Friday, December 14, 2012

December Bloom Day

It's that time of year again, when we turn to indoor blooms for entertainment.  The African violet gets little attention during the gardening season, but now that the outdoor blooms are gone for awhile,  she gets some love, and a little fertilizer, and she'll bloom off and on all winter.  African violets are cheap thrills - this one came from the grocery store for under $5.00.  She's perfectly happy with a little water, good drainage, and some fertilizer now and then.

African violets can get leggy, floppy, unstable, and start looking unattractive as older, lower leaves wilt and fall off.   The solution I've found for that is every year, maybe two,  I re-pot.  All I do is carefully remove the pot, slice off an inch or two of roots at the bottom, and add a little fresh soil to the bottom of the pot - just a little.  I leave enough room in the pot to sink the plant down enough to cover the leggy stem and stabilize the plant so it's not floppy anymore.  Then I add more soil to the top of the pot, water, and fertilize.  It renews the plant beautifully, and it looks brand-new again.  I've done it twice with this one, and I'll do it again whenever it needs a fresh start. 

A few things are blooming in the basement greenhouse, including this little fuchsia.  If she makes it through winter, she'll be visited by hummingbirds in the garden again next year, spring through fall.

I hope you're enjoying a few indoor blooms this month too, or you're somewhere warm and still enjoying blooms in your garden.

Happy Bloom Day all!  To see more Garden Bloggers' Bloom Day posts, please visit Carol at May Dreams Gardens.

Tuesday, December 11, 2012

Peeling Garlic the Easy Way

Do you grow garlic in your garden?  I have, but garlic does best with full sun - a luxury we don't have in our veggie beds.  When I've grown garlic here it was delicious, but the bulbs were very small.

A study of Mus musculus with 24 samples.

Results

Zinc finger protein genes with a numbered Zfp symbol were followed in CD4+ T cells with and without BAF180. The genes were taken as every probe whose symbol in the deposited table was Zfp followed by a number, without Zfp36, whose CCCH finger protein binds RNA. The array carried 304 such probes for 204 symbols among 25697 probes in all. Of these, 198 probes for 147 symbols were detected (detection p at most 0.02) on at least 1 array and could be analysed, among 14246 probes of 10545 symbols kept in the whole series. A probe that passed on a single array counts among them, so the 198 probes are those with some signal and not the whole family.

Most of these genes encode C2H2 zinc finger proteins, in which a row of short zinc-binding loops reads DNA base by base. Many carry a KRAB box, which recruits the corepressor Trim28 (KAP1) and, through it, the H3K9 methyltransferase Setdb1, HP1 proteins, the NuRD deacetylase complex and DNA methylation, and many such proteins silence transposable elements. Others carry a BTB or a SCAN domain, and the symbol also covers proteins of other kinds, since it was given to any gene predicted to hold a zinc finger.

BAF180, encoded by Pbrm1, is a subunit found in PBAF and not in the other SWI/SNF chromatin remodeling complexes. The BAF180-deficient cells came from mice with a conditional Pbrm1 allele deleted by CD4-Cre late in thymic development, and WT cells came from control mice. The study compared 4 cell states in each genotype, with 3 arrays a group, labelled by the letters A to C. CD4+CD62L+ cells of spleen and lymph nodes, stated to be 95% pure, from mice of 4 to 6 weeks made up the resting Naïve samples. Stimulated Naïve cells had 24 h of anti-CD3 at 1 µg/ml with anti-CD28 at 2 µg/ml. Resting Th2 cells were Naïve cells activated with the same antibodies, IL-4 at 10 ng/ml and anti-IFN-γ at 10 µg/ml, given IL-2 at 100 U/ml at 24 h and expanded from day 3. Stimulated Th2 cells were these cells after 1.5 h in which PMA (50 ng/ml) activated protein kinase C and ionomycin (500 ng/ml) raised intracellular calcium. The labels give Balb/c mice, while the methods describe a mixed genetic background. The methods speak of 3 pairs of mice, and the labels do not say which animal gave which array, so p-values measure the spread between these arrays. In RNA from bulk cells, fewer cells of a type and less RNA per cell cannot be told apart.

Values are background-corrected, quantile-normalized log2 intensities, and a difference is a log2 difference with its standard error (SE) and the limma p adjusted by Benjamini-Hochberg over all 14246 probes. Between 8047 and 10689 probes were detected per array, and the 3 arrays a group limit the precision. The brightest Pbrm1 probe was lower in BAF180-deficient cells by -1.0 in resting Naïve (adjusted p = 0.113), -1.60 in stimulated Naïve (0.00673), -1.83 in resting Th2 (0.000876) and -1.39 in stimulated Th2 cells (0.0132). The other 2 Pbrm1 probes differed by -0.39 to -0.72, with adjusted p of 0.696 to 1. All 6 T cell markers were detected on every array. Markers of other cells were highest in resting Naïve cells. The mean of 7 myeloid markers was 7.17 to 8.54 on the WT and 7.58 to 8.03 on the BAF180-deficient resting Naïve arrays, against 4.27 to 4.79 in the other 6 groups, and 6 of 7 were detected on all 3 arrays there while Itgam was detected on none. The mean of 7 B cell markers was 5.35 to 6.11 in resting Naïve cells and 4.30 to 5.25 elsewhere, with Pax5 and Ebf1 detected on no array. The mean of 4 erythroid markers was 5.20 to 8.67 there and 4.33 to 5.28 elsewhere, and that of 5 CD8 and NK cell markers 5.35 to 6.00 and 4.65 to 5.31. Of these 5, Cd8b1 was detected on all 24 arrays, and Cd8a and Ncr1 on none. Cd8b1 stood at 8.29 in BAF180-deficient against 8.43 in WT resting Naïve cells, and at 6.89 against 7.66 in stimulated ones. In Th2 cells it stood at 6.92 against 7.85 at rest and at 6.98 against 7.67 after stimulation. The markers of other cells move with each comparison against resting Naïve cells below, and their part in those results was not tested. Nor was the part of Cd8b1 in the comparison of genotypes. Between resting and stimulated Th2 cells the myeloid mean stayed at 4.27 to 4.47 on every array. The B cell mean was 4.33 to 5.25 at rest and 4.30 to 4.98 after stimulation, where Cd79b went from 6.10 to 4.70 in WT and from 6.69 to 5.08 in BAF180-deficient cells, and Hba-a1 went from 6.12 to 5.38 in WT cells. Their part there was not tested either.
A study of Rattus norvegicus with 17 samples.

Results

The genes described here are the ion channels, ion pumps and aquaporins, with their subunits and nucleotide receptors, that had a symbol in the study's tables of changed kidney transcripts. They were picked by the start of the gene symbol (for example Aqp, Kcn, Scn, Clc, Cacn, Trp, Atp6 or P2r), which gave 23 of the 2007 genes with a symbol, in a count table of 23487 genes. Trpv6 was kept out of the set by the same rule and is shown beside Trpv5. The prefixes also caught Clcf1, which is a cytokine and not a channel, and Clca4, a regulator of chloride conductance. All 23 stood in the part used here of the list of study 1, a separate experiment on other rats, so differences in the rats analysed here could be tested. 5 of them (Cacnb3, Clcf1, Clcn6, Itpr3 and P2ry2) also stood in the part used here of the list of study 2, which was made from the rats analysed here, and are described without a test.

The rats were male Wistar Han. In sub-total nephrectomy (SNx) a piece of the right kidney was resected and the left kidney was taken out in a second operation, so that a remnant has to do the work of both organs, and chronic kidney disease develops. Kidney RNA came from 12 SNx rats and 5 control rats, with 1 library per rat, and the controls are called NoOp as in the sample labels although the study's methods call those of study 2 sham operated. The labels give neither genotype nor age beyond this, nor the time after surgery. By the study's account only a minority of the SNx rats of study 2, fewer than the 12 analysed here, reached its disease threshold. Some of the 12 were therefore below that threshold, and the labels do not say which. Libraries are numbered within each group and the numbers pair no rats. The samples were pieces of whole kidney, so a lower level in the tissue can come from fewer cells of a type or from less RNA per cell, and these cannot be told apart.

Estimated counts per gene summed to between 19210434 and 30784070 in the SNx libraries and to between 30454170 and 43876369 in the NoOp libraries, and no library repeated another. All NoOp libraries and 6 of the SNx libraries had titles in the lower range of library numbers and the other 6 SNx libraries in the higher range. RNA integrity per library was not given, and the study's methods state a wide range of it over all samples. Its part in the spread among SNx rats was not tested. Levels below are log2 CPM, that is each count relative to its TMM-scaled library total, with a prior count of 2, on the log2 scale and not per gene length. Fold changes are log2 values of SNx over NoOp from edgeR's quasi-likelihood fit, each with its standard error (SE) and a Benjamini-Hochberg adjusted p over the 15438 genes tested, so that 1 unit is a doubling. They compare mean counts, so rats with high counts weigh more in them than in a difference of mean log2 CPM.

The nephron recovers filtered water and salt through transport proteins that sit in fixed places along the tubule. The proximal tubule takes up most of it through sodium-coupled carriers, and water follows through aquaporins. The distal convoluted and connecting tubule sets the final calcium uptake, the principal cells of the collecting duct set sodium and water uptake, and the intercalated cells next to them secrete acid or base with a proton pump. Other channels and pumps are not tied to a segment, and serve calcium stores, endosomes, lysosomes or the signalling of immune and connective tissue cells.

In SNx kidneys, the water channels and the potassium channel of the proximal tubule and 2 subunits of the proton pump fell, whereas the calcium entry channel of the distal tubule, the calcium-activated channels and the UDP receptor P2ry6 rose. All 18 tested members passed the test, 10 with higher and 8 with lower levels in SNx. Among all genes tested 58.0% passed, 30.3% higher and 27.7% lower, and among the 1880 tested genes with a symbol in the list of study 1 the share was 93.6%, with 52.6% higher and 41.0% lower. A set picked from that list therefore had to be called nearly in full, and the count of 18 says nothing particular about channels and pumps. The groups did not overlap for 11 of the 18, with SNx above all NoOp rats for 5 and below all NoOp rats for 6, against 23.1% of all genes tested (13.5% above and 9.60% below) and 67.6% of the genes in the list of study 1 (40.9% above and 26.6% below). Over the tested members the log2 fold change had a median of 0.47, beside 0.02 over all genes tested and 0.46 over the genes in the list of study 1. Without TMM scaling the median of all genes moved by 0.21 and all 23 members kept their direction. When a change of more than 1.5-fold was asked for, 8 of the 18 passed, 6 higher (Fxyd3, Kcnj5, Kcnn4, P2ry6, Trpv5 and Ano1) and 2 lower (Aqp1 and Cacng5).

Mom and her Garden Buddy grow garlic every year, and share some of theirs with us, both fresh, and their homemade garlic powder.  We like to call it Life-Changing Garlic.  Yep - it's that good!

If you're like me you may love cooking with garlic, but could do without the peeling.   Here's a quick, easy tip I learned a couple of years ago for peeling it the easy way, in just seconds.  It's easier and neater than the smash-and-peel method, and your fingers don't get all garlicky.

You'll need two same-sized metal bowls.  Medium-to-large-sized bowls work best, as you'll want some space for the garlic to bounce around in.  Separate the garlic bulb into cloves, and place the cloves into one of the bowls.  Place the rims of the two bowls together as in the photo above.  Use both hands to hold the rims together, and shake vigorously for 15 or 20 seconds.  Separate the bowls, and your garlic will be peeled, just like the photo at the top of this post.  That's it!  Now it's ready to slice, press, or use whole.

Did you know this trick already?  If not, try it - it works!